If you could do your work as a fundraiser from a mindset of abundance rather than scarcity, you would love your job.
In our western, white-male-dominated North American culture, we grow up with the view that there is “not enough.” Therefore, we should get as much as we can for ourselves before someone else gets it.
In all our years of fundraising, Richard and I have witnessed this same mindset in the non-profit community. “We have to get the money now!” “Go out and find a big donor so we can do this project.”
This philosophy or ethos of scarcity that pervades our industry is causing a multitude of problems. And it’s making us sick. Our fear of not having enough is driving us to unintentionally hurt our donors and the fundraisers that work with them.
Our rush to “get it now before it’s gone” negatively impacts how we relate to our donors and how we treat frontline fundraisers.
When getting the money becomes the sole objective, no matter how great the intentions are with what to do with that money, people get mistreated. People get hurt in the process.
This is why Richard and I have always said that this fundraising stuff has nothing to do with money. Rather, it has everything to do with helping people fulfill their passions and interests and find joy in the process of fulfilling them. Both your donor and YOU finding that joy.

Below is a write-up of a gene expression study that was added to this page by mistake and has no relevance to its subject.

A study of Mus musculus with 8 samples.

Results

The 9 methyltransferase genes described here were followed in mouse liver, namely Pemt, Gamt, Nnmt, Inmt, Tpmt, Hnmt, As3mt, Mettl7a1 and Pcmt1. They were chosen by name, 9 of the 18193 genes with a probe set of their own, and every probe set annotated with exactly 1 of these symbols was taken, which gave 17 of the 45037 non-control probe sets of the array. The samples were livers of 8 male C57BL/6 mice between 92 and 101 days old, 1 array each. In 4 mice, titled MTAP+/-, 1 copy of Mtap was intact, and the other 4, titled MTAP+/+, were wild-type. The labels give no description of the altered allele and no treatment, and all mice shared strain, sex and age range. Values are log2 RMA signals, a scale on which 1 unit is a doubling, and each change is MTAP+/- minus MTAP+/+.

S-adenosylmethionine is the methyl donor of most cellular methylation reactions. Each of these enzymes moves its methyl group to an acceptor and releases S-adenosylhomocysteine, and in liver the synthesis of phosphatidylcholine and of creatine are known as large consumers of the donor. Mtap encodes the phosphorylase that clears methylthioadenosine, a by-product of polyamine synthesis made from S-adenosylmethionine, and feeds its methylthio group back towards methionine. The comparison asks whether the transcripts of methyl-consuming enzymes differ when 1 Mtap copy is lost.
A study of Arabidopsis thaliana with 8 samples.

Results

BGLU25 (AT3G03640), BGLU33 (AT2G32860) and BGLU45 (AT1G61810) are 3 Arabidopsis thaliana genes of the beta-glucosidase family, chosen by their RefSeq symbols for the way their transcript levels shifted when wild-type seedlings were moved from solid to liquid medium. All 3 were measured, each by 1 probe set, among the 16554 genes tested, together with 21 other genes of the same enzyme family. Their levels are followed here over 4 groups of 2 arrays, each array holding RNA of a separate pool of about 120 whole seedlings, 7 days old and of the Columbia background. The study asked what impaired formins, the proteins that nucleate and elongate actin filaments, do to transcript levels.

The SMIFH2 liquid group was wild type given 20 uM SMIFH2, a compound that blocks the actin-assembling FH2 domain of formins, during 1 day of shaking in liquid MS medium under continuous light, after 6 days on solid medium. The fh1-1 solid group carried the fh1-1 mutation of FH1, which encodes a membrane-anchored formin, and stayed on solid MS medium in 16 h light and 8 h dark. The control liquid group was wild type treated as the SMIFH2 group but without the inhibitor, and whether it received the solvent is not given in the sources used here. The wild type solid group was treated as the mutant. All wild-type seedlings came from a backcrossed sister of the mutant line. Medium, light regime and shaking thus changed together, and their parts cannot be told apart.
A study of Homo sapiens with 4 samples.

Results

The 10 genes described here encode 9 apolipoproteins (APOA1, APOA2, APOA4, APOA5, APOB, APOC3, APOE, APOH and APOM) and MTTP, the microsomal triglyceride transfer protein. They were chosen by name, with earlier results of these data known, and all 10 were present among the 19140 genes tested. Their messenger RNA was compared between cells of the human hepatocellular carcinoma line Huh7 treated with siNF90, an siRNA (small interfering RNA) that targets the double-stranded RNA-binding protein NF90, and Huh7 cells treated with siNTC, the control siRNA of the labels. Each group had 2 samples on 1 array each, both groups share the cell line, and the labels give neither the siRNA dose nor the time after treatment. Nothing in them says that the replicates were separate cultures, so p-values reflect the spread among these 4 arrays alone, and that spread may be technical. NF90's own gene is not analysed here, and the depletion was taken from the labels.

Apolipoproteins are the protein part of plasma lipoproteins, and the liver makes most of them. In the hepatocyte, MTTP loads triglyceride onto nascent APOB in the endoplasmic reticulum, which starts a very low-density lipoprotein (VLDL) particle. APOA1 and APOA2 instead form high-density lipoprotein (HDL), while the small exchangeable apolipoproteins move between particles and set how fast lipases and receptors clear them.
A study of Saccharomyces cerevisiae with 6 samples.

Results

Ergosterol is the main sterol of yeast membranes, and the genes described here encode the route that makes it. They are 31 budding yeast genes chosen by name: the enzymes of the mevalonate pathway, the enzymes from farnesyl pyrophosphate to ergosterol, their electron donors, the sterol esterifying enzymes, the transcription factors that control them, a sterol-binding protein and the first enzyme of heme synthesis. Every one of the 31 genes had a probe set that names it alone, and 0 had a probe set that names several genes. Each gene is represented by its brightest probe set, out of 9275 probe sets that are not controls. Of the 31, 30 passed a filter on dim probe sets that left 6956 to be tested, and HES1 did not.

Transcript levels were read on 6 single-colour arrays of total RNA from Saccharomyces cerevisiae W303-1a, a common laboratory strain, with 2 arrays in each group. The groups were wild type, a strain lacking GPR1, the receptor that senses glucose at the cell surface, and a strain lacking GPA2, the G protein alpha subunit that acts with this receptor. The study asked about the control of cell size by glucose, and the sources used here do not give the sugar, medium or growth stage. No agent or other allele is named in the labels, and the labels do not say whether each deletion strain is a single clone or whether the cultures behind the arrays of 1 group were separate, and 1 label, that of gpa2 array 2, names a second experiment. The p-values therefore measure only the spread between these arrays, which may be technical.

What if “we” non-profits and fundraisers all felt there was enough out there? And our job was to inspire folks to share their abundance, so they could experience the joy of giving some of it away to help make the world a better place?
Would we relax a bit more? Could we allow fundraisers to take the time to develop authentic relationships with donors? Might non-profit leaders invest more in the whole process of helping a donor find joy in their giving?
Fundraising is not about getting. It’s about giving. When we as non-profits give away our time and resources to build relationships with donors, more is given back. We just have to live in that truth.
There is enough.
This post originally appeared on the Passionate Giving Blog on February 22, 2021.